Biden’s populism and the stupid debt ceiling


In March 2020, Joe Biden and Bernie Sanders had a rough debate in a sealed CNN studio without a live audience to avoid contagion during a raging pandemic. There had been many candidates but, at that point, Biden was destined to be the party nominee. A populist fever had overtaken the race and Bernie reminded people of Biden’s long record, pointing out that Biden’s populism was rather inadequate.

Later, a Biden-Sanders Unity Task Force was formed and they released an impressive progressive agenda. Biden was responding to pressure but also to the reality of crisis after crisis from grotesque economic inequality, the pandemic, climate chaos and systemic racism. 

In 2020, Jared Bernstein, Biden’s former chief economic adviser in the Obama administration and a member of the economy task force, told Vox: “Much like FDR faced a structural crisis of economic insecurity, we’re at a similar place. The vice president recognizes that the extent of market failure here is not something you can fix with a Band-Aid, and that structural reforms are necessary.”

The “Build Back Better” agenda would emerge. It wasn’t as good as the “Green New Deal,” but it was a break from Clintonism, which gave us NAFTA, welfare “reform” and broad financial deregulation. 

The Congressional Progressive Caucus now has 103 members, which is nearly half of the 212-member Democratic roster. They are planning to work with more moderate Democrats and the Biden administration to promote workers’ rights, immigration reform and solutions to the climate crisis.

These days, you don’t hear too much from Democrats about the Clintons. Ironically, Bill Clinton’s labor secretary, Robert Reich, has become a prominent progressive voice. Reich tried to get the Clinton administration to deal with growing economic inequality but had no success.

Reich, an economist, thinks the feigned Republican hysteria about the federal debt is an idiotic spectacle. In a recent opinion piece for The Guardian, Reich noted: “A half century ago, America’s wealthy financed the federal government mainly through their tax payments. Tax rates on the wealthy were high: Under Republican President Dwight Eisenhower, they were over 90%. Even after all tax deductions, the wealthy typically paid half of their incomes in taxes.

“Since then — courtesy of Ronald Reagan, George W. Bush, and Donald Trump — the effective tax rate on wealthy Americans has plummeted. Even as they’ve accumulated unprecedented wealth, today’s rich are now paying a lower tax rate than middle-class Americans. (The 400 richest American families paid a tax rate of just 3.4% between 2014 and 2018, while the rest of us paid an average tax rate of 13.3%.)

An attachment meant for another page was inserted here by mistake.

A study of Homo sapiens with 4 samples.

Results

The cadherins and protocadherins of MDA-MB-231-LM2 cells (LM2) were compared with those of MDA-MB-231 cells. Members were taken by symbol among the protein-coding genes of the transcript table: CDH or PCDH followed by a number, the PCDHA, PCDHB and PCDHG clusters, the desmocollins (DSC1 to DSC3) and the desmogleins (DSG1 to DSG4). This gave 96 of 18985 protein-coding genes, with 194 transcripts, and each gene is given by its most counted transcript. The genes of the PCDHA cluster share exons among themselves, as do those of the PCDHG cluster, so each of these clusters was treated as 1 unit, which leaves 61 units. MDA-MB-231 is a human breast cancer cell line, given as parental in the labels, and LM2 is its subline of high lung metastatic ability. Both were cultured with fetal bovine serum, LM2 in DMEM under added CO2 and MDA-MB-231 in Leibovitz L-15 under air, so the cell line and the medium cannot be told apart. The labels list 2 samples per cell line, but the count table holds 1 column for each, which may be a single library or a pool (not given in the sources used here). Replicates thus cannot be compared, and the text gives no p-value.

“One of the biggest reasons the federal debt has exploded is that tax cuts on wealthier Americans have reduced government revenue.”

Then there’s the controversy over raising the debt ceiling. Congress has to vote a second time to authorize the borrowing that results from already enacted spending. If Congress refuses to do that, it is like refusing to pay for your credit card purchases for the previous year. It would guarantee a recession, or something worse.

The debt ceiling was raised each year that Trump was president without any protests. According to ProPublica, “The growth in the annual deficit under Trump ranks as the third-biggest increase, relative to the size of the economy, of any U.S. presidential administration.”  

In the Working Economics Blog, Josh Bivens, of the Economic Policy Institute writes, “The debt limit needs to be abolished — either formally or effectively.” The overwhelming majority of rich nations don’t have a statutory debt limit. Bivens argues, “The debt limit measures nothing coherent and has no relationship to any serious measure of the economic burden imposed by the nation’s debt. It has as much relevance to the nation’s objective economic health as today’s horoscope.”

Republicans are demanding big cuts in spending in exchange for raising the debt ceiling. But they can’t agree on what they want to cut. They claim they don’t want to undermine Social Security or Medicare. Economist Paul Krugman calls them “blackmailers without a cause.” 

Krugman stresses that “the federal government is basically an insurance company with an army. Social Security, Medicare, Medicaid and the military dominate spending, and it’s impossible to do much about deficits unless you either raise taxes — which is obviously not part of the GOP playbook — or make major cuts to these programs.”

For many decades, the righ twing has tried to repeal the civilizing accomplishments of the New Deal and the Great Society. Many other Americans want to go in the opposite direction.

This opinion column does not necessarily reflect the views of Boulder Weekly.